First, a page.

A Burmese shadow over India’s monetary policy update

RBI’s success with inflation control will also depend on how the Centre manages its food imports

Photo: MintPremium
Photo: Mint

Here’s a quiz question: What does India’s refusal to unequivocally criticize Myanmar’s military rule have to do with the Reserve Bank of India’s (RBI) monetary policy? A bit perhaps. The road to meaningful monetary policy outcomes in India is occasionally paved with geopolitical decisions, with the circle of influence sometimes including improbable candidates like Myanmar. RBI’s first monetary policy for 2021-22, presented on 7 April, has an understated flavour: its putative success will depend on how the external affairs ministry plays its hand.

The central bank’s April monetary policy has projected a 10.5% gross domestic product (GDP) growth rate and a 5.1% inflation rate for 2021-22. But given the unusual economic conditions and multiple risks that loom on the horizon, these projections are vulnerable to many external forces. RBI has moderated its standard policy ebullience by stating that while all the ingredients are present for a robust economic recovery, myriad dark clouds could still stop play.

RBI has added various levers and fulcrums to this policy, which are focused on mitigating risks when they present themselves. Apart from committing to inject a predictable quantum of liquidity into the system through buybacks of government bonds in the first quarter of 2021-22 (which helped soften bond market yields on 9 April), the monetary policy committee also gave an assurance that it will continue with the current accommodative policy stance “as long as necessary", without providing an end date as in the past. A note from Axis Bank chief economist Saugata Bhattacharya says: “…the operating mechanisms have tried to strike a fine balance between a degree of predictability in forward guidance and retaining discretion for RBI to responding to evolving conditions."

The central bank’s wariness stems from the likelihood of higher supply-side inflation, on the back of an uncertain demand revival following a resurgence in covid infections. It is here that RBI makes a direct appeal to the Centre and states, requesting them to undertake “concerted and coordinated" action in reducing petrol and diesel prices, through lower taxes and retail margins. RBI’s matrix of probable risks comprises rising global crude oil and other commodity prices, including prolonged supply chain disruptions.

Oil plays a critical role in RBI’s inflation control plans—core inflation (retail inflation minus food and fuel inflation) was 6% during February, reflecting the pass-through of higher crude oil and other commodity prices to retail prices. Oil therefore might force RBI governor Shaktikanta Das to look to external affairs minister S Jaishankar for help. This assumes greater significance after India and Saudi Arabia recently engaged in a war of words. Oil minister Dharmendra Pradhan had requested OPEC-plus (OPEC nations and its allies, such as Russia) to ease supply curbs by pumping more oil from the ground. The Saudi oil minister’s retort, that India should use up its strategic oil reserves first, has reportedly offended the Indian establishment; it has even compelled the government to seriously explore reducing dependence on West Asian oil. This will undoubtedly require Jaishankar’s team in the foreign ministry to work the diplomatic channels.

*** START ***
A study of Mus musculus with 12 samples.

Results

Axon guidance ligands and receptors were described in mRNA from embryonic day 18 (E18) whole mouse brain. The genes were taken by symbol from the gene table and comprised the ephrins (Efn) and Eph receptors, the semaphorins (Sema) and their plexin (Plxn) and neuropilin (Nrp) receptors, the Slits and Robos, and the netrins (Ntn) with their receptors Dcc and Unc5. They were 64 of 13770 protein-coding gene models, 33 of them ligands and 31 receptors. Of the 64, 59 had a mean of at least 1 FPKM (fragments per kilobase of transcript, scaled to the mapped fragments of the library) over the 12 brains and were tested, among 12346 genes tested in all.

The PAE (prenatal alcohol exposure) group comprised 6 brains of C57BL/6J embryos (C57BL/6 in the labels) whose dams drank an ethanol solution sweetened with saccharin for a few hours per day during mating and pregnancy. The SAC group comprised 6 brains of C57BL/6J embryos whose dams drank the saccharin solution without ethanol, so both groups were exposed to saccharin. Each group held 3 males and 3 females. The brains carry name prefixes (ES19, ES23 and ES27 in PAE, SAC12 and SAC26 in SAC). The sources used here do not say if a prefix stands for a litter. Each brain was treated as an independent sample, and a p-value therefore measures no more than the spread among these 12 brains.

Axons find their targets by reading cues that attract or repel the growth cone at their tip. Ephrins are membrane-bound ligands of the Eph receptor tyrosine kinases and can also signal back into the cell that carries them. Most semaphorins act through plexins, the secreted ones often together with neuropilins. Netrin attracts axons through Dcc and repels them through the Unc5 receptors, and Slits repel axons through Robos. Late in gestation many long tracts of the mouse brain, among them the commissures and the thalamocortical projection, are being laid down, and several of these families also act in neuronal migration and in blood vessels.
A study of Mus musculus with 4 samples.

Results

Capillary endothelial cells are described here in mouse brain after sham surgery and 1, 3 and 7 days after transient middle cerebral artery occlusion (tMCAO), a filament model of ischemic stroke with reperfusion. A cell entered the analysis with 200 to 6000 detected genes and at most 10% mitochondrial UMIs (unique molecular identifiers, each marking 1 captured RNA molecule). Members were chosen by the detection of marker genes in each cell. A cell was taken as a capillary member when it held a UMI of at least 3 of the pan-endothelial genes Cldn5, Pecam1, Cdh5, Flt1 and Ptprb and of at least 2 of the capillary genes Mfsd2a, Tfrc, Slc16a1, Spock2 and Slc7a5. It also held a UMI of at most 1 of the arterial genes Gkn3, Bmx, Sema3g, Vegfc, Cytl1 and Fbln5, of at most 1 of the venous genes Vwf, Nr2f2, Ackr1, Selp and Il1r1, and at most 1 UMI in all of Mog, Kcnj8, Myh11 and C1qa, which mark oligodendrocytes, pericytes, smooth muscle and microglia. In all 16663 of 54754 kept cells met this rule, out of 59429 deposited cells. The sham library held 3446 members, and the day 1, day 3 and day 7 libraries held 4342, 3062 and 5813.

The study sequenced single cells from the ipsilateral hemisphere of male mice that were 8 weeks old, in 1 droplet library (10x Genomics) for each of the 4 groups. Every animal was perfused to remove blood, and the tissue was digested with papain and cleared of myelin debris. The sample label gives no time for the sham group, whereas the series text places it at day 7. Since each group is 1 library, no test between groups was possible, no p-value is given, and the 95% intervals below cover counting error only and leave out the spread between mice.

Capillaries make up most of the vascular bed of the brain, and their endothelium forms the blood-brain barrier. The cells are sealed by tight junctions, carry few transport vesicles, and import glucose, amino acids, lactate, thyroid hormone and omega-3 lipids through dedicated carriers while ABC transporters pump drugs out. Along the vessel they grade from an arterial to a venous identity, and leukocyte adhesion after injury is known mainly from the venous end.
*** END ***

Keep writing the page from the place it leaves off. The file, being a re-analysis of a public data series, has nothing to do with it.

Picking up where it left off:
There is another item—pulses—that could ignite inflationary tendencies and, strangely, Myanmar can lend a helping hand here. The April monetary policy report states: “Persistent structural demand supply imbalances in key food items such as pulses, edible oils and fats, and eggs, meat and fish could also keep inflation elevated." In two key items—pulses and edible oils—India’s consumption surpasses its production, forcing it to rely on imports every year. Pulses are a vital protein source and rising prices have an adverse effect on consumption and nutritional health.

Inflation in pulses was in double digits throughout the past 12 months, despite the government improving supplies by releasing buffer stocks, easing import restrictions, reducing import duties on certain pulses (masur), among other measures. The monetary policy report says this helped reduce the inflation rate in pulses from 18.3% in October 2020 to 12.5% in February 2021. But it’s still in double digits.

So, where does Myanmar fit in? It happens to be India’s second largest supplier of pulses, after Canada. Myanmar supplies almost 24% of India’s total pulse imports, with Canada providing 34%. India’s acreage under pulses during 2020-21 was below its target, thereby increasing import dependence. India’s diplomatic exertions in refusing to outright censure the military coup may be seen as pragmatic geopolitics, given that we share a 1,600-km border with Myanmar. Plus, there is always a China factor. But is it only geopolitics? Look at it differently. Canada’s statements on the farmer agitation raised hackles in India. Yet, when it asked for vaccines, we promptly exported 0.5 million doses to Canada. And Myanmar? We exported 3.7 million doses to it, ranking it among the top seven vaccine recipients.

Various commentators have downplayed the role of trade in India’s ambivalent attitude towards the military regime in Myanmar. While trade might indeed seem insignificant, when compared with the Great Game, it is the nature of trade—or its components—that makes it critical. Pulses-for-equivocation could well become the new carry trade, as well as an anti-inflation tool for RBI.

Rajrishi Singhal is a policy consultant, journalist and author. His Twitter handle is @rajrishisinghal.